Maurice Sendak's 1963 children's classic "Where the Wild Things Are" contains exactly 10 sentences – 338 words of text – and 18 pictures. Not exactly major movie material, you might say, except that a major moviemaker, Spike Jonze, almost pulls it off.
Judged strictly as a story, the long-awaited film that Jonze and coscreenwriter Dave Eggers have crafted lacks vroom and bite. Children, especially, love a good story, and, watching this mood piece movie, they may get antsy early.
But Jonze should not be judged by ordinary standards. He, is after all, the director of "Being John Malkovich," a movie-within-a-movie-within-a-conundrum, and "Adaptation," which was about the impossibility of concocting a coherent story line. (Both were written by Charlie Kaufman.) In "Where the Wild Things Are," Jonze is taking a large risk. Without benefit of a strong narrative, he is trying to capture the propulsive fascinations of childhood fantasies. (The great Japanese animator Hayao Miyazaki tries, more entrancingly, for the same thing.)
Nine-year-old Max (played by the marvelous Max Records) is a lively kid but lonely. His older sister has no time for him, and his single mom (Catherine Keener) is loving but harried. Standing atop the kitchen table at dinner time in his white wolf costume, Max announces, "Woman, feed me!" This is not a good way to go, and pretty soon a fight erupts that propels Max, still in his costume, onto the open sea in a skiff under a full moon. His unplanned destination: an island inhabited by 9-foot creatures – clawed, hairy Wild Things who like to bang around the forests knocking down everything in sight. Max somehow convinces them he's a king, their king, and thus conveniently avoids being eaten by them.
The creatures, brought to life through a combination of live action, puppetry, and CGI animation, speak like ordinary mortals. The contrast between their fearsome features and their homespun delivery is offputtingly comic. Jonze is emphasizing the ways in which these Wild Things are emanations of Max's equally wild id. The leader of the pack, Carol (voiced by James Gandolfini), is big and brawly on the outside but weak-willed on the inside. Judith (Catherine O'Hara) sports a large horn on her nose and always says exactly what she thinks. KW (Lauren Ambrose), Carol's estranged girlfriend, is the image of idealized motherhood. In one sequence she actually hides Max inside her tummy; he emerges covered in what looks like goopy amniotic fluid.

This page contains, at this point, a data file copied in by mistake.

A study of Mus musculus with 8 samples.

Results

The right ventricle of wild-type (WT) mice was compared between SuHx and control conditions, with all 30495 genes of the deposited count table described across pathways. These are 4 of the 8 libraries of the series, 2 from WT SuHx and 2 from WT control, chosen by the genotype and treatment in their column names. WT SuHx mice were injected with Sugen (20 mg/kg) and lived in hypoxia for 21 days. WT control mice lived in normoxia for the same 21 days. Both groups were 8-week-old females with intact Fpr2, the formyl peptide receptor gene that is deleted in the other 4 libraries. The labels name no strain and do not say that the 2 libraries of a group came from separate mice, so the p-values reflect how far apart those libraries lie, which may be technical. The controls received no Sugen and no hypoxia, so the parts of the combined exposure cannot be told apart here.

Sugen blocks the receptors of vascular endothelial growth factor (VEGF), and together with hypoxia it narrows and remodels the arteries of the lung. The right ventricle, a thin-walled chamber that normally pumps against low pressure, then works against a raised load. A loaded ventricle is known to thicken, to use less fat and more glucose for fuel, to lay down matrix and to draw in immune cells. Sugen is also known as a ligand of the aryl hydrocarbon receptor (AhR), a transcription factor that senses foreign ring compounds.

Jonze in this movie is attempting to merge the fantastical with the realistic, and his visual style, as in the shots of Max and Carol traipsing in long shot across caramel-colored desertscapes, is often minimalistic. He manages to make the Wild Things seem wholly believable. I never (well, almost never) thought to myself, "That big galumphing puppet sounds just like James Gandolfini."
This blend of the real and unreal is successful because Jonze's feeling for childhood binds everything together. Even when, particularly in the second half, the film lurches from vignette to vignette, I never wrote it off. There's too much poignancy to Max's plight. He is imagining (or is he?) a world totally unlike the one he has fled – a world he can control. And yet Max comes to realize that, in growing up, he can't control all the confusing, madcap emotions coursing through him.
It's a nice touch that the Wild Things, as we discover, don't entirely believe Max is a king. They want to believe it – which is almost the same thing. Max leaves the island chastened. Carol runs him down for being "just a boy," but when Max sails off, the Wild Things gather on the shore and, in a transcendent moment, raise their voices in a ceremonial howl.
I wish that Jonze had managed to transform's Max's odyssey into more than a collection of glittering shards. He underrates "traditional" storytelling; or maybe he's just not very good at it. But there are some great, rapturous moments in "Where the Wild Things Are." Jonze is humbled before the wonders of a child's imagination, and so are we. Grade: B+ (Rated PG for mild thematic elements, some adventure action, and brief language.)